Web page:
Hinting that the US Department of Labor (DOL) is currently working on guidance related to cryptocurrency, the Acting Assistant Secretary for the DOL’s Employee Benefits Security Administration recently commented that the DOL finds the prospect of cryptocurrency investments in 401(k) plan lineups “troubling.” This may be a sign of DOL focus on the increasing frequency of ERISA plan investments in cryptocurrency vehicles, including funds with cryptocurrency exposures.

CRYPTOCURRENCY OPTIONS IN INVESTMENT LINEUPS?

There have been recent reports of interest in cryptocurrency investing by at least some ERISA plans, including interest in investing in funds that incorporate cryptocurrencies. This fits within a broader trend of the expanding popularity of cryptocurrencies over the past several years. The US Securities and Exchange Commission (SEC) recently highlighted that the cryptocurrency “asset class” is worth roughly $1.6 trillion, including 77 tokens worth at least $1 billion each, and 1,600 tokens worth at least $1 million. Perhaps unsurprisingly, federal regulators are taking an interest in cryptocurrencies and the risks they can present for investors. For example, as recently highlighted in a prior blog post, the SEC has identified that it has a regulatory focus on investor risks related to cryptocurrencies.

The DOL has now followed those regulators. A DOL representative recently confirmed that the DOL is examining risks related to ERISA-regulated retirement assets investing in cryptocurrency vehicles. Though current law does not prohibit holding cryptocurrencies in Code Section 401(k) plans, the numerous ERISA lawsuits (including a recent wave) challenging the structure of plan investment lineups has resulted in many plan sponsors favoring safer and less exotic and/or volatile investments. In this litigious climate, there can be pressure on plan fiduciaries to favor stable, transparent, and low-cost investments like index funds to avoid potential litigation. Though recent lawsuits have examined how ERISA regulates alternative investments like private equity or hedge funds, the DOL has not yet released guidance directly related to cryptocurrency investments.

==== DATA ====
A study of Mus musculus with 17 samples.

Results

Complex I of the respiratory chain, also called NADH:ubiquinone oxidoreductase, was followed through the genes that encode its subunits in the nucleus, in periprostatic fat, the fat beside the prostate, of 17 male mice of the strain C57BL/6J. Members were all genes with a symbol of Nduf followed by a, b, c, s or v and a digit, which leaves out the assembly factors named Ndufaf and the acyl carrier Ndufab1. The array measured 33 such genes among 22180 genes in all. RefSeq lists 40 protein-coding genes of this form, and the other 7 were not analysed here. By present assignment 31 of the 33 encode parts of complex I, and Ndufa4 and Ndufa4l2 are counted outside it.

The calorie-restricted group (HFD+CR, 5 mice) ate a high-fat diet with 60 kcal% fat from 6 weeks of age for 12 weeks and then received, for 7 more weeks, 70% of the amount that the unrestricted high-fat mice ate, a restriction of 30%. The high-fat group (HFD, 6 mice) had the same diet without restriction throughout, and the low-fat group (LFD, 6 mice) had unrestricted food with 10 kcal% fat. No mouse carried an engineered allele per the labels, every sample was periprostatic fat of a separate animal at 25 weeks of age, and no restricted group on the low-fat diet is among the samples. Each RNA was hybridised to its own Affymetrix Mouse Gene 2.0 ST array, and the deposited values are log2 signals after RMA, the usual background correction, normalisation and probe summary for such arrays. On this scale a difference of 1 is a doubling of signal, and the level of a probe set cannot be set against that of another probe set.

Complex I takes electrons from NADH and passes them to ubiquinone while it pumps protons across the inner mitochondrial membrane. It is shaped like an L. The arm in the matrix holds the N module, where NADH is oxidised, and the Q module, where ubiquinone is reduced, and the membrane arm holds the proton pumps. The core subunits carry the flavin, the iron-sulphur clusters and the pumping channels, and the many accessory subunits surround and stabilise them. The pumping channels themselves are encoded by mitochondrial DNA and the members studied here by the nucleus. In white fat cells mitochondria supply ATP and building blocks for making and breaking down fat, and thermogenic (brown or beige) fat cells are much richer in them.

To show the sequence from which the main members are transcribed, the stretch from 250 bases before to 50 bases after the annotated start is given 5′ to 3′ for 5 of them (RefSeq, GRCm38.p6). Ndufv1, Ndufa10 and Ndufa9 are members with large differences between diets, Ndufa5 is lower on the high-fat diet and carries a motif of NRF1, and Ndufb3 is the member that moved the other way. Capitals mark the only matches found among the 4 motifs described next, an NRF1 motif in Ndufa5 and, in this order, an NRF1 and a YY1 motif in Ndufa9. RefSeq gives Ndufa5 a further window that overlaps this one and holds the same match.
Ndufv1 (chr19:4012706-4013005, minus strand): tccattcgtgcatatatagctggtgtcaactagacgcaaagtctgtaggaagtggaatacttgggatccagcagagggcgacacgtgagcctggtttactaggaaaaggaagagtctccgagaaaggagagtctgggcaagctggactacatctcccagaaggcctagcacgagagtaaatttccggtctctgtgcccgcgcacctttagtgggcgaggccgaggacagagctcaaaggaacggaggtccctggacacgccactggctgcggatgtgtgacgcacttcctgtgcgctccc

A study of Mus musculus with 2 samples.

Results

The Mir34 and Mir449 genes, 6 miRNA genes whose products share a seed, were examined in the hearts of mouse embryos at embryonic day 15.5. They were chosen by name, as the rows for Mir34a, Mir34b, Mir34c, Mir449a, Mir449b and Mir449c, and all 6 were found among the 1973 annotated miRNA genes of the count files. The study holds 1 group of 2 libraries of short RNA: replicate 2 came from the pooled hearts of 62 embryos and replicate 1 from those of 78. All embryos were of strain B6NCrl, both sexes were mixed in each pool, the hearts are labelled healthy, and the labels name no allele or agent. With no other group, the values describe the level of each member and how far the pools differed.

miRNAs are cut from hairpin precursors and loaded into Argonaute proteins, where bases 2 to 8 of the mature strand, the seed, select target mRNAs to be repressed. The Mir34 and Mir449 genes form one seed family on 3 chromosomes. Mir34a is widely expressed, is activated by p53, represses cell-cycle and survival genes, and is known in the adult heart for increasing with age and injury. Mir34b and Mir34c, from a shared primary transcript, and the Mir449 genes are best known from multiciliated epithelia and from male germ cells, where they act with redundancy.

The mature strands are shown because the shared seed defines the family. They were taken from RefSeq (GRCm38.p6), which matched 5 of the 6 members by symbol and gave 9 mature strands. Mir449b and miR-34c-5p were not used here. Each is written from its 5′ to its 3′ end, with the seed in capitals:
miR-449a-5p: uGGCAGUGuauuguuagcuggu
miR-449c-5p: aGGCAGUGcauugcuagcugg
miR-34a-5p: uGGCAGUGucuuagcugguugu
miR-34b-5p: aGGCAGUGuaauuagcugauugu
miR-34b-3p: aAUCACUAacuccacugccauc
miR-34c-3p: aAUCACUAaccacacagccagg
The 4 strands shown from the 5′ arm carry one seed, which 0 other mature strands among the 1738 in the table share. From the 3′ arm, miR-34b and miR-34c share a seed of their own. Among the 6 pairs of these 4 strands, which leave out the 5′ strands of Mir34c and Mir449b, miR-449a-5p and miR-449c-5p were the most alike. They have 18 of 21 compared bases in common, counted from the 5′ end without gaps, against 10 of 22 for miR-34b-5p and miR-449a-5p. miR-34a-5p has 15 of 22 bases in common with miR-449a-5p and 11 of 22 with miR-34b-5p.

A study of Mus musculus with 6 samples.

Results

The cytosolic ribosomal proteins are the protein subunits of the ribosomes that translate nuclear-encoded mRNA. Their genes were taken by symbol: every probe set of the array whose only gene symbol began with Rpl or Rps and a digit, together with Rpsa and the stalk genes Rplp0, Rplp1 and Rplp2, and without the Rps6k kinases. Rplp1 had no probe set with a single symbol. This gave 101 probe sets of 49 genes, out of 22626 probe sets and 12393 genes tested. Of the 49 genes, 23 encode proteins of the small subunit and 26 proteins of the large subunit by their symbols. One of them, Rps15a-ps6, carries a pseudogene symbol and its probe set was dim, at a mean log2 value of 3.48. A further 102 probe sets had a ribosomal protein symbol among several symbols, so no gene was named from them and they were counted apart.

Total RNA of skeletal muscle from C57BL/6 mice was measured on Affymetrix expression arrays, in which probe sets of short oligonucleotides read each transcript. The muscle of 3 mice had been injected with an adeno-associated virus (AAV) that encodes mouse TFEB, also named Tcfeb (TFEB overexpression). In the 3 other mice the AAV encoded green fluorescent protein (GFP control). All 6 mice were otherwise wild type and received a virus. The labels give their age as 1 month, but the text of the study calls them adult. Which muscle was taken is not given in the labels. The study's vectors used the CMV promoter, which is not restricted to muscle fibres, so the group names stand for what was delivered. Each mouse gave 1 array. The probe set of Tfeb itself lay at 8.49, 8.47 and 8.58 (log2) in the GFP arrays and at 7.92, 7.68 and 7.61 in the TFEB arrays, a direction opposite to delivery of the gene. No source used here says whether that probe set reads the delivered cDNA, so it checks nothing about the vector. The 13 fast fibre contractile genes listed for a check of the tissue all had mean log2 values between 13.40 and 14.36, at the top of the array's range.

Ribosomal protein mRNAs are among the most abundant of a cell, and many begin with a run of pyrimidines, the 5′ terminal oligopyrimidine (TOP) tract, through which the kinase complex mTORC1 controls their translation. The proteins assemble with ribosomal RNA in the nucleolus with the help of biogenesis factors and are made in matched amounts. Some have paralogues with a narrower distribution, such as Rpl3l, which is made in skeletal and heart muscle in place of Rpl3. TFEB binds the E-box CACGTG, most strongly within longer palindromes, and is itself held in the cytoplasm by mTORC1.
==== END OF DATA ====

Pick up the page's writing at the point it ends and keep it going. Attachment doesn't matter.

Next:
Investing in cryptocurrency and cryptocurrency funds—which are much less stable or transparent than mutual funds—may still be far away from the investment universe of a typical ERISA plan. However, as noted above, there are reports that at least some ERISA plan sponsors are exploring cryptocurrency investments or investments with varying degrees of cryptocurrency exposures. In addition, in response to growing participant demand, there are also reports of some plan sponsors permitting 401(k) participants to make small cryptocurrency investments through self-directed brokerage windows. Most federal courts that have considered the issue have agreed that investments selected through individual brokerage windows are not investment options subject to ERISA’s fiduciary duties—outside of actions related to the selection and monitoring of the brokerage provider.

A LOT OF NOISE AND VERY LITTLE TRANSPARENCY

As cryptocurrency makes possible inroads into ERISA plans, the DOL is taking notice and expressing concern. Speaking at a conference in late July, Acting Assistant Secretary Ali Khawar noted that the DOL is concerned about the fiduciary implications of investments with cryptocurrency exposure. He explained that this concern comes from the “noise,” “volatility,” and “very little transparency” associated with cryptocurrencies.

We will be watching DOL activity on this closely, as Khawar stated that he anticipates the DOL will issue cryptocurrency guidance in the “near future” but gave scant details on the content of the upcoming guidance.